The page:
How to Cut Log Joints

Updated July 20, 2017

Wood has long been a natural source of building material. Timber logs assemble into one of the most basic examples of a wooden structure. Log cabins represent a rustic kind of living which is harder to find in the modern age. For some, a log cabin brings back memories of a childhood toy, while for others it is an escape from noisy city life. Log joints, like those used on cabin walls, are fairly simple to cut, though you may need help lifting the logs.

Sit two logs parallel on flat ground, so they do not roll, and place the log to be cut across the two. Make sure this log is level on the other two.

Mark the top log with the shape of the lower log using a protractor compass and pencil or crayon. The mark should be in the location you want to cut the joint, usually about 12 to 18 inches from the end of the log, depending on the length of the log. The top log should have a half-circle shape drawn on it to mark where the cut will be.

Roll the top log over and cut a "V" groove with a chain saw, using the draw half-circle as a guide. Make the cut on the inside of the marking, as it is always better to cut too little than too much.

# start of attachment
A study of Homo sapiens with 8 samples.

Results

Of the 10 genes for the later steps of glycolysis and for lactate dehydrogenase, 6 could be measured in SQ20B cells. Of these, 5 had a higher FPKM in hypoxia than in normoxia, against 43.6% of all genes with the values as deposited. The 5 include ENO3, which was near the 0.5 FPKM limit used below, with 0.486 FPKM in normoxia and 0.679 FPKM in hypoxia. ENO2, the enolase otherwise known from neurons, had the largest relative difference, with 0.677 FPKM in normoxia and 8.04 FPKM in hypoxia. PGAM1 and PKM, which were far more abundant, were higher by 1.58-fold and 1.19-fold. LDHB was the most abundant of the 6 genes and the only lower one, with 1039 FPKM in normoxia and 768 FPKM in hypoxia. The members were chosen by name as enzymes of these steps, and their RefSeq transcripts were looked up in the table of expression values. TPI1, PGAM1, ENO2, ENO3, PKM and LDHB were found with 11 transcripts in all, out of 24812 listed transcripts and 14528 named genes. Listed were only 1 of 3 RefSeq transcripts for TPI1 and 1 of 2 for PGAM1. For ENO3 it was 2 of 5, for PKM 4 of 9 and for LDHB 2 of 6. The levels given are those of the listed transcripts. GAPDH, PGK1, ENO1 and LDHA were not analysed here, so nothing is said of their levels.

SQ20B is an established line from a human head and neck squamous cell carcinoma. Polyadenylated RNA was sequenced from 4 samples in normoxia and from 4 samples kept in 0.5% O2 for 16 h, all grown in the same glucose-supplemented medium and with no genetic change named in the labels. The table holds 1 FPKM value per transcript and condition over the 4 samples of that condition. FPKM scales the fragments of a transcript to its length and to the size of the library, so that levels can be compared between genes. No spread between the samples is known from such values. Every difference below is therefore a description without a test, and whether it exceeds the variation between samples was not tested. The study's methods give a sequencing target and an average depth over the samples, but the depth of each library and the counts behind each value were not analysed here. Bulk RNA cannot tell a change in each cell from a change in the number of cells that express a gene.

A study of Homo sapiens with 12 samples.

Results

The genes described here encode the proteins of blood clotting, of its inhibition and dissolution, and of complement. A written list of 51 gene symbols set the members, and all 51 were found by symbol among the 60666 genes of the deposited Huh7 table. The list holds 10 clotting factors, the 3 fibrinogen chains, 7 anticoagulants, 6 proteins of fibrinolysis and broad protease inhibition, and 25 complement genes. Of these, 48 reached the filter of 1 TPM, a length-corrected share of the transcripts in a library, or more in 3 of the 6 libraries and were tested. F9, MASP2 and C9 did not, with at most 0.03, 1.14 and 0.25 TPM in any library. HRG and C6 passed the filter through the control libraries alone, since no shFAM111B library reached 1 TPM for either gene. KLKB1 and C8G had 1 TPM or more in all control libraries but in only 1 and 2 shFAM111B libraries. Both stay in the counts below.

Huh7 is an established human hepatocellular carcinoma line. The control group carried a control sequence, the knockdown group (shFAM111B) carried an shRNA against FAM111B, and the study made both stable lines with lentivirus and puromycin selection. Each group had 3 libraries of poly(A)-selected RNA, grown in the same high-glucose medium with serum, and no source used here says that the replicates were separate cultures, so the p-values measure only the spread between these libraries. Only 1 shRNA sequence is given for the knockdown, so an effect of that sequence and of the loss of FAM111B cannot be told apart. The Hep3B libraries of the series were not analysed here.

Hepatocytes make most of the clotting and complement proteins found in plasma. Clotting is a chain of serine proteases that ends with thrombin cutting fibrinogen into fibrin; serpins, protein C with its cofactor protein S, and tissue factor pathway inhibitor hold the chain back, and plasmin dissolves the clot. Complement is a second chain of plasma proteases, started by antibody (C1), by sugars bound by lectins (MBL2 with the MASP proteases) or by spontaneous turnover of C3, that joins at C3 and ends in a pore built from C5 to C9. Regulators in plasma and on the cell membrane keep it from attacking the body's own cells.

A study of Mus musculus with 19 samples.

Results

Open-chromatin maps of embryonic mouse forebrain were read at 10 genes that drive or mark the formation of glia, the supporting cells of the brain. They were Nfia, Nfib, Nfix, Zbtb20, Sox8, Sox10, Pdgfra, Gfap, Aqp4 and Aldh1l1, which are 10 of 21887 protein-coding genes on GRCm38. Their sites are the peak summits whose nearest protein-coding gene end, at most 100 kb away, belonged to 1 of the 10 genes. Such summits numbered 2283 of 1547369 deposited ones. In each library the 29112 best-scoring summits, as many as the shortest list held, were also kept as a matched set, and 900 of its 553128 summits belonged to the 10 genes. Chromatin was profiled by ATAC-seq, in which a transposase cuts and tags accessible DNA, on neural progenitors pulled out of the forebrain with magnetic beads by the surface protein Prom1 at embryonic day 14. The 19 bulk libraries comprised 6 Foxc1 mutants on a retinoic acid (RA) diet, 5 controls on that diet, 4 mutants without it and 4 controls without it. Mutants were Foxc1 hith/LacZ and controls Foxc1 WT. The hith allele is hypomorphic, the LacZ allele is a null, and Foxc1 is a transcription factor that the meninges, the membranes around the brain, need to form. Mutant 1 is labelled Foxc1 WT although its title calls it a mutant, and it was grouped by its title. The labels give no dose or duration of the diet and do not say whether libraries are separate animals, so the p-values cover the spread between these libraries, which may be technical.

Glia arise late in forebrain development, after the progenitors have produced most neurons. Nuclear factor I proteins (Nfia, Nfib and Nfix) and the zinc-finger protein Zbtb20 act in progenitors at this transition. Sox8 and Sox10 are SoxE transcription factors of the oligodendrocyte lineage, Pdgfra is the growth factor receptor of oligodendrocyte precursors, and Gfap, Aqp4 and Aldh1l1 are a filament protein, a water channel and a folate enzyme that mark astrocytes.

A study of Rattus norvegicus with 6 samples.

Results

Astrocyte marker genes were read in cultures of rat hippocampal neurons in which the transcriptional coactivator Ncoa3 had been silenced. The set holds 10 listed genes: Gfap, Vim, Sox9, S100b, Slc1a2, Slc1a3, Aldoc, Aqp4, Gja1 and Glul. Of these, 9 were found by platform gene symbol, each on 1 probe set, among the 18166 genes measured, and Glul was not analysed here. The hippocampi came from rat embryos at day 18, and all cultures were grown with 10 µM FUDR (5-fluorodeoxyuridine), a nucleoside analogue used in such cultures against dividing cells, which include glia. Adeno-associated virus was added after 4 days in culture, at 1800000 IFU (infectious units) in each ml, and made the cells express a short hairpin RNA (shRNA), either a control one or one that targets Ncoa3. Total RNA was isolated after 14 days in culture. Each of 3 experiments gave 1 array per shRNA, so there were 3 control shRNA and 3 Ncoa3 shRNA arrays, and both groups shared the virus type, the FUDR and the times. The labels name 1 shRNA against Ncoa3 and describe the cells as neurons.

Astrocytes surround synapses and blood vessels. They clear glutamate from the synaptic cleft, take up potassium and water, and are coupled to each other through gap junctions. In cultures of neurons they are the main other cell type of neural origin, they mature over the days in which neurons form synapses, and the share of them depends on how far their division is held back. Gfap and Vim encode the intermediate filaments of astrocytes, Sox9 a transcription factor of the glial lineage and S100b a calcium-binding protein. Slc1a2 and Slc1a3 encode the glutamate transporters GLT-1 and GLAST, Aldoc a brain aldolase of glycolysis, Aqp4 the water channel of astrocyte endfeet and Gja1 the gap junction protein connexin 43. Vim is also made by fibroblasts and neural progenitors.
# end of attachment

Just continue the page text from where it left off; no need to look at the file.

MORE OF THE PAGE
Remove the remaining wood from the cut using a wood chisel or gouge and a mallet. Try to make the cut as smooth and round as possible.

Turn the log over and sit the joint onto the bottom log. If it does not fit, lift it up about one foot off of the lower log and allow the joint to drop down onto the bottom log. This will form a depression into the cut showing any other wood which should be removed. Repeat Step 4 and 5 as needed to finish the joint.


Use caution and proper safety gear when using a chain saw. Logs can be extremely heavy, so be careful not to drop one on your hand or foot.

Things You'll Need

  • Log
  • Protractor compass
  • Pencil
  • Chain saw
  • Wood chisel
  • Mallet

A.J. Hawkins began writing professionally as a U.S. Army journalist in 2006. His writing has appeared in numerous military publications, including "Soldiers" magazine, the official publication of the Army. He is pursing a Bachelor of Science in biology from Kennesaw State University.